March 10, 2011
The cost-saving potential of aluminum recycling should be tempting to operations like foundries and diecasters that must manage their input costs.

The cost-saving potential of aluminum recycling should be tempting to operations like foundries and diecasters that must manage their input costs. In addition to the inevitable expenses of fuel and energy, as well as general operating costs, aluminum is prone to price volatility. High-volume consumers of aluminum must always be watchful for emerging applications, such as the current buzz about aluminum’s use for computer electronics or lighting systems.

On the opposite end of aluminum’s price volatility is the fact that it is so incredibly recyclable. Remelting aluminum consumes just 5% of the energy required to mine bauxite ore and refine it into metal, such that some studies demonstrate that 75% of all the primary aluminum ever produced continues to be in use somewhere.

For the average aluminum foundry or diecaster, these important considerations loom beyond their general concerns, which are focused on the melting, holding, and alloying (dosing) technology they use to produce metal for their finished products. To this audience, a new holding system from the StrikoWestofen Group will be a welcome arrival.

StrikoWestofen — operating in North America as StrikoDynarad — designs melting, holding, and alloying systems for all types of aluminum producers. Multiple variations of the StrikoMelter® melting/holding system are installed for metalcasting, including permanent mold and sand casting foundries and high-pressure diecasting operations. Other installations include numerous holding furnaces and dosing systems for gravity and sand casting and diecasting.

The new H(R)-T is a design that emphasizes the role of recycling in aluminum melting. It’s a flexible concept with a holding capacity of 8,000-20,000 kg (17,600-44,000 lb), but it does not require a shaft system, and it’s available with or without a melting ramp. It is intended for holding aluminum alloys that have been melted in separate reverb or rotary drum furnaces, for adjusting alloy composition, and for controlled casting of liquid metal in launder systems or continuous casting machines.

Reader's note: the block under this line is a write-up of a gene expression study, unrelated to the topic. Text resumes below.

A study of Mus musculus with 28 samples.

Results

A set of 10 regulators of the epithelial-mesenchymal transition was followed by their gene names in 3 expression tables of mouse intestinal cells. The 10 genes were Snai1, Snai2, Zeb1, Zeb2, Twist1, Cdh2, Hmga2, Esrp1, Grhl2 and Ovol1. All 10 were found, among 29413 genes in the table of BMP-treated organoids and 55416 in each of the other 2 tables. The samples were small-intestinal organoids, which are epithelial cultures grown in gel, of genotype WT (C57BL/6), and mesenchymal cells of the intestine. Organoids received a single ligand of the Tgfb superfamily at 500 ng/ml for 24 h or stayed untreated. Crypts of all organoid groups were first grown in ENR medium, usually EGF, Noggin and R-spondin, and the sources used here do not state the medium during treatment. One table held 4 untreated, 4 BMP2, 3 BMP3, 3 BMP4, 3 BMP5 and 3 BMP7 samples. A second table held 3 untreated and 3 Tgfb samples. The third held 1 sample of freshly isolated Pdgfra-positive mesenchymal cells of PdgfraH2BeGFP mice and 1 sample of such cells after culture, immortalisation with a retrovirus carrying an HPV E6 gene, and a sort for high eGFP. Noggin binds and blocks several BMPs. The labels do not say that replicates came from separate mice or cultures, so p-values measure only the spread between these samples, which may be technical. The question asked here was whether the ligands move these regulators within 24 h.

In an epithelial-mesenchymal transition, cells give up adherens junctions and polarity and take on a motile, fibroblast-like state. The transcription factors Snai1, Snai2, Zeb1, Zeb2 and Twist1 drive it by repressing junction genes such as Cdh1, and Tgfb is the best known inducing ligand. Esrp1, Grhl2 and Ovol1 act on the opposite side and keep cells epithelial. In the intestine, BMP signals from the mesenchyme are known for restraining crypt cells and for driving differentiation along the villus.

The first H(R)-T installation is at an aluminum-recycling center in Turkey operated by an Austrian company, KMF Maschinenfabriken (, though more installations are under development.

Among other operating divisions, in addition to recycling aluminum KMF manufactures rotary drum furnaces that melt aluminum with a low salt and oxide content. Low temperature carbonization gases released by the melting process are combusted in the rotary drum furnace. The furnace atmosphere is monitored continuously to ensure high yield, so a wide range of materials (aluminum scrap, aluminum chips and dross) can be melted in the rotary drum furnace in a way that is environmentally sound and energy-efficient. This is the system that feeds liquid aluminum to a StrikoWestofen HR-T 10,000/500 furnace for alloying or holding.

In the current installation, the HR-T furnace is outfitted with a melting ramp that improves the flexibility of the operation. The necessary alloys are preheated with a burner mounted above the ramp before they go into the solution. It is also possible to melt up to 500 kg (1,100 lb) per hour of aluminum ingots on the ramp. Porous plugs at the bottom of the holding area ensure the alloys mix well with the molten aluminum; maintain high-temperature in the bath; and aid the degassing process.

In process, once the molten aluminum in the bath is alloyed to specification a hydraulic unit with proportional controls tilts the vessel. The metal can be poured continuously into molds or cast as ingots. KMF is feeding the metal to an ingot-casting conveyor, but the developer indicates that the system also may be used to produce billets or slabs for rolling.

The StrikoWestofen Group sees the new development as an opportunity for metalcasters to broaden the range of production options, to improve their material and operating costs by increasing the capability and flexibility of their installations.